This past Thursday, December 12, a federal judge in Utah ruled that American Samoans are allowed birthright citizenship. Judge Clark Waddoups wrote that American Samoans have a right to citizenship under the Fourteenth Amendment, which grants anyone born in the United States citizenship. American Samoans were previously considered "United States nationals" or "non-citizen nationals."
While this ruling may not yet extend to all American Samoans, it is a major victory for American Samoans, who have previously lost similar cases. American Samoa has been a U.S. territory since 1900 and is the only U.S. territory that does not grant birthright citizenship: those born in other U.S. territories such as Puerto Rico and Guam are allowed citizenship. The ruling will also issue new passports to the plaintiffs. Currently, American Samoans' passports include a line that reads, "The bearer is a United States national and not a United States citizen."
The plaintiffs sued the U.S. government, arguing that their status as non-citizens placed them as "second-class Americans" and denied them certain rights and closed them off from opportunities such as in employment. Furthermore, American Samoans are not able to vote because they are not citizens. About American Samoans' citizenship status, the plaintiffs' attorney, Neil Weare, stated, "It doesn't feel very good when the federal government says you're American, but not quite the same as other Americans, just a little bit different. Just being able to say they're real American citizens, I think that goes a long way, in addition to being able to vote." Thursday's ruling is a huge step in the inclusion of American Samoans in making American Samoans citizens with full rights, especially considering how long American Samoa has been a U.S. territory.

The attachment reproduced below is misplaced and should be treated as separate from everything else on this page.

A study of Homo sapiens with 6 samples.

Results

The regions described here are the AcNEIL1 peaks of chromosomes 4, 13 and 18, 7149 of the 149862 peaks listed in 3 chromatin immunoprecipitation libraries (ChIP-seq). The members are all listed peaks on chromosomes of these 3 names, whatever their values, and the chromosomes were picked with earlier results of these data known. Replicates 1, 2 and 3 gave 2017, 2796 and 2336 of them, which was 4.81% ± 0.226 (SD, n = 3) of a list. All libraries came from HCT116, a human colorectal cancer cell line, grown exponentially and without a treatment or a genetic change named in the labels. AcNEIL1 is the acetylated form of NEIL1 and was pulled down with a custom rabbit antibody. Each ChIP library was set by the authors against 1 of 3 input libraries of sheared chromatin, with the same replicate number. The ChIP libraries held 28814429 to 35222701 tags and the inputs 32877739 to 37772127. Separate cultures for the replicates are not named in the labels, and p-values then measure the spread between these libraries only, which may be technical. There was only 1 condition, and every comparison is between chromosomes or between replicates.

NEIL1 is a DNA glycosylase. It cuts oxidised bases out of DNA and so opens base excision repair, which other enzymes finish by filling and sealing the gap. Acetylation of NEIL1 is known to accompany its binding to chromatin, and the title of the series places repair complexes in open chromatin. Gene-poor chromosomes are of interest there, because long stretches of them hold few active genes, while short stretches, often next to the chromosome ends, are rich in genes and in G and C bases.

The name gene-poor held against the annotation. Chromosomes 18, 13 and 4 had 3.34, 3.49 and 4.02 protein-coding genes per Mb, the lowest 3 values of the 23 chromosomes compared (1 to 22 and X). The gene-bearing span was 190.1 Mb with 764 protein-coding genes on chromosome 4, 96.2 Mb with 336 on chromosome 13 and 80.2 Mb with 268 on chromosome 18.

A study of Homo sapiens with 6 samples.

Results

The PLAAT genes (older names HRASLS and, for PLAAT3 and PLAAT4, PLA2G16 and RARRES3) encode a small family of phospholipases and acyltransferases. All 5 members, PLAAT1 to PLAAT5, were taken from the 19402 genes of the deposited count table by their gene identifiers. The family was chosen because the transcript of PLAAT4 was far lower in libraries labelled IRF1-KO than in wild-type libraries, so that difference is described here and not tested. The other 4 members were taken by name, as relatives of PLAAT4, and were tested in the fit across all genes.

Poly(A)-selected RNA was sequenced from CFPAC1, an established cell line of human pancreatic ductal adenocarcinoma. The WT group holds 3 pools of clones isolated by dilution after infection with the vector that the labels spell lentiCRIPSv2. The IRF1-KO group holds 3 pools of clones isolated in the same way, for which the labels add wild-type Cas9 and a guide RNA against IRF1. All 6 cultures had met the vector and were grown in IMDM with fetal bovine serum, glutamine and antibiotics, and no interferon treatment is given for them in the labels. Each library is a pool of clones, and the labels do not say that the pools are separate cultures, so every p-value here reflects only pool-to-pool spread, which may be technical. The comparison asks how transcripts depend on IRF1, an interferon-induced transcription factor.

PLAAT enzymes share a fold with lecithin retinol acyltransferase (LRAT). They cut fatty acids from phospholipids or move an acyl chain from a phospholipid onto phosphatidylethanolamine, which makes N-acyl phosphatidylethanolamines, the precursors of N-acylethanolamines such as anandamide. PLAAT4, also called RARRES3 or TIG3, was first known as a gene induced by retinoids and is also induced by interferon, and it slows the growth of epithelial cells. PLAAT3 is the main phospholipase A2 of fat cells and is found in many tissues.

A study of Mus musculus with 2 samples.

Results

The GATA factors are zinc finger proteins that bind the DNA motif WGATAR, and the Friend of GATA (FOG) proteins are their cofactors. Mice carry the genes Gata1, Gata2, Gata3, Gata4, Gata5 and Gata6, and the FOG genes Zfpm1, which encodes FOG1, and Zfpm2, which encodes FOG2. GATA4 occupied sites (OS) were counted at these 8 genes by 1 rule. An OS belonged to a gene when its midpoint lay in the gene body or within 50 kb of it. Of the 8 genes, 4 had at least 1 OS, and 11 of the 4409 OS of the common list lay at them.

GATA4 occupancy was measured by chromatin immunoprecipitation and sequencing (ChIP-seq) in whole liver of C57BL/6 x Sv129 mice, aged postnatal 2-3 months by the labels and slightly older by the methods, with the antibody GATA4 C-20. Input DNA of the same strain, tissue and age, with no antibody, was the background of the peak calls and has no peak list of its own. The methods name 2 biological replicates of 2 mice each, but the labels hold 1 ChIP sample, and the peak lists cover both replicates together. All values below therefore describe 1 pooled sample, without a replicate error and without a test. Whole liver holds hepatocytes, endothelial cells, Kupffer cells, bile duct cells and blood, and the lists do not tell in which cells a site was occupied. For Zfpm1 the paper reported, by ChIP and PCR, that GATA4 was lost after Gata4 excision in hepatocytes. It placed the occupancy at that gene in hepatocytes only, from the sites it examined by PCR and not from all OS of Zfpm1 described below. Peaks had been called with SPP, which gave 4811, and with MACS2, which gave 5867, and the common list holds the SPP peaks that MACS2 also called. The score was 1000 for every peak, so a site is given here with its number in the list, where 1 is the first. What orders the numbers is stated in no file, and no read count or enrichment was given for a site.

While many see this ruling as important and necessary, some American Samoans are actually opposed to becoming U.S. citizens. They fear that they could lose the way of life of their indigenous people as well as indigenous land, fearing that they may face the same loss of their political systems and land as Hawai'i. Many have expressed how their indigenous way of life is much different from the political systems in the United States and believe that becoming citizens may threaten this way of life.
Both sides make a valid case. Many of the indigenous peoples in the United States have experienced loss of land as well as an erasure of their culture and lifestyles, and American Samoans' fear of the same fate is far from being unfounded. However, it is also important that American Samoans have the rights that citizenship will allow them, especially the right to vote. Although opinions about the ruling are divided, Judge Waddoup's decision will certainly have a significant impact on America Samoa and its people's status in the United States.